If you think that modern glass is only used for practical residential and commercial applications, then you might be pleasantly surprised to find out it’s also used as an art form. We scouted around the globe in search of some of the best glass sculptures, so sit back and let us take you through our favourites!
One of the most interesting pieces of glass art comes from Luke Jerram. Since 2004, the artist has been turning viruses and minuscule pathogens into unique and otherworldly glass sculptures. His concept of sculpting something that is usually invisible to the naked eye has brought an entirely new dimension to the layman’s understanding of your average bacteriophage. It’s one thing to read about these types of viruses, but it’s another thing entirely to see what they actually look like! Who knew these deadly bacteria had unnatural shapes with sharp, weapon-like edges. From representations of swine flu to Ebola, Jerram’s made-to-scale glass sculptures are spine-tingling, yet very original!
Sergio Redegalli is the creative mind behind Cascade – a glass sculpture displayed in the Adelaide Botanic Garden. In 1988 he was commissioned to provide a piece for the World Expo being held in Brisbane at the time, with the theme of “Leisure in the Age of Technology”. Taking an interesting view of this theme, Redegalli produced a sculpture that would have been nearly impossible without the aid of technology, which symbolises the leisurely fall of a wave. The astonishing 12-ton glass sculpture has 500 precision-cut pieces of 6mm clear glass, all glued together to create the illusion of a cascading wave.
Jack Storms is one of the more contemporary artists who has already made his mark in the history books of glass artistry. Inspired by the Fibonacci principle, he has developed an incredibly rare type of glass artwork that takes 24 labour-intensive weeks to complete. The process includes cutting a core of lead crystal, then polishing and laminating it to create reflective mirrors. It is then wrapped in optical glass to create a rainbow-colour effect when light passes through. It then goes through hours and hours of repetitive grinding, cutting, and polishing to create the smooth end result you see above. Because of his incredibly unique work, his glass art has been commissioned for the President of Nigeria, while two of his glass artworks also appeared in the hit Marvel franchise film “Guardians of the Galaxy”.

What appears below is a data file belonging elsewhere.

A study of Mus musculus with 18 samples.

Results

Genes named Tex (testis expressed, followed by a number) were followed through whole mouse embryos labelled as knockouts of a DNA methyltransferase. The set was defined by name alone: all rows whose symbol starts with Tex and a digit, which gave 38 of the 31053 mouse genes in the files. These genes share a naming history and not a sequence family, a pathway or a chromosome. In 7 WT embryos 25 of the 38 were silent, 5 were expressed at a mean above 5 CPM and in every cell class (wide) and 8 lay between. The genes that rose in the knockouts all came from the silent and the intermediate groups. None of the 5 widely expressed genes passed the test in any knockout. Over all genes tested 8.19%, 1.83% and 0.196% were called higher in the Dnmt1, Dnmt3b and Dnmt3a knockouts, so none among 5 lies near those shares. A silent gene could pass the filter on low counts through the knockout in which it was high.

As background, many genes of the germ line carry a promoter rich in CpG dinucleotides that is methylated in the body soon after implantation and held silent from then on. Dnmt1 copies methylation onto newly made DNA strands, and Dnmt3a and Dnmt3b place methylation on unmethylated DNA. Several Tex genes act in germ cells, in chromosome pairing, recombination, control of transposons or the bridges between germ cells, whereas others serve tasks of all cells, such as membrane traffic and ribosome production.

Carol Milne is famous for her unique and intricate Knitted Glasswork. It was in 2006 that she discovered her fascination for knitting, mould-making, and kiln-casting, and by combining these she created the award-winning Knitted Glass. Her work claimed the Silver Award at the 2010 International Exhibition of Glass in Kanazawa, Japan. Her work is absolutely fascinating; by creating the traditional looping patterns of a knitted piece with melting glass, she has created something entirely unseen in the modern world of glass work. She has said that her work is inspired by the image of society. “I see my knitted work as a metaphor for social structure. Individual strands are weak and brittle on their own, but deceptively strong when bound together.”
Not exactly an entirely glass sculpture, but this work deserves a spot on our list: Kolonihavehus by Brooklyn-based artist, Tom Fruin. The work is an installation made from 1000 pieces of salvaged plexiglass and scrap metal, which have been reworked into a colourful glass house with indoor lighting. As a “3D evolution” of his previous work with salvaged drug-bags, his work proves that you can still make something great and beautiful even from scrap. Truly, one man’s trash is treasure to another. Tom Fruin’s work is now exhibiting in Brooklyn Bridge Park in New York.
One of the best-preserved medieval masterpieces in Europe is the Sainte-Chapelle. It’s located in the Palais de la Cité, the old royal palace of the kings and queens of France. The chapel’s window design is one of the city’s highlights, and is regarded as a glorious masterwork that transcends time. You wouldn’t have guessed that it was made in the 1240s, as its stained-glass windows are intricately made to depict biblical, local, and political stories. With 15 panes standing at 15 metres high each, these beloved moments in history are truly a sight to behold. There are 1,130 biblical figures depicted in the glass spread over its huge windows, and one large rose window. It is a true testament to the beauty that will result from dedicated time, energy, and belief in a greater idea.
Glass windows are a versatile instrument that can be used for religious ornamentation, an art form, or your home’s ventilation and insulation! At Atlas Glass, we make sure to provide only the best glazing services to complete your stunning home. We are experienced Auckland glaziers who can take care of your home’s retrofit double glazing and timber joinery glazing for a home you can call your functional piece of art. Contact us to learn more.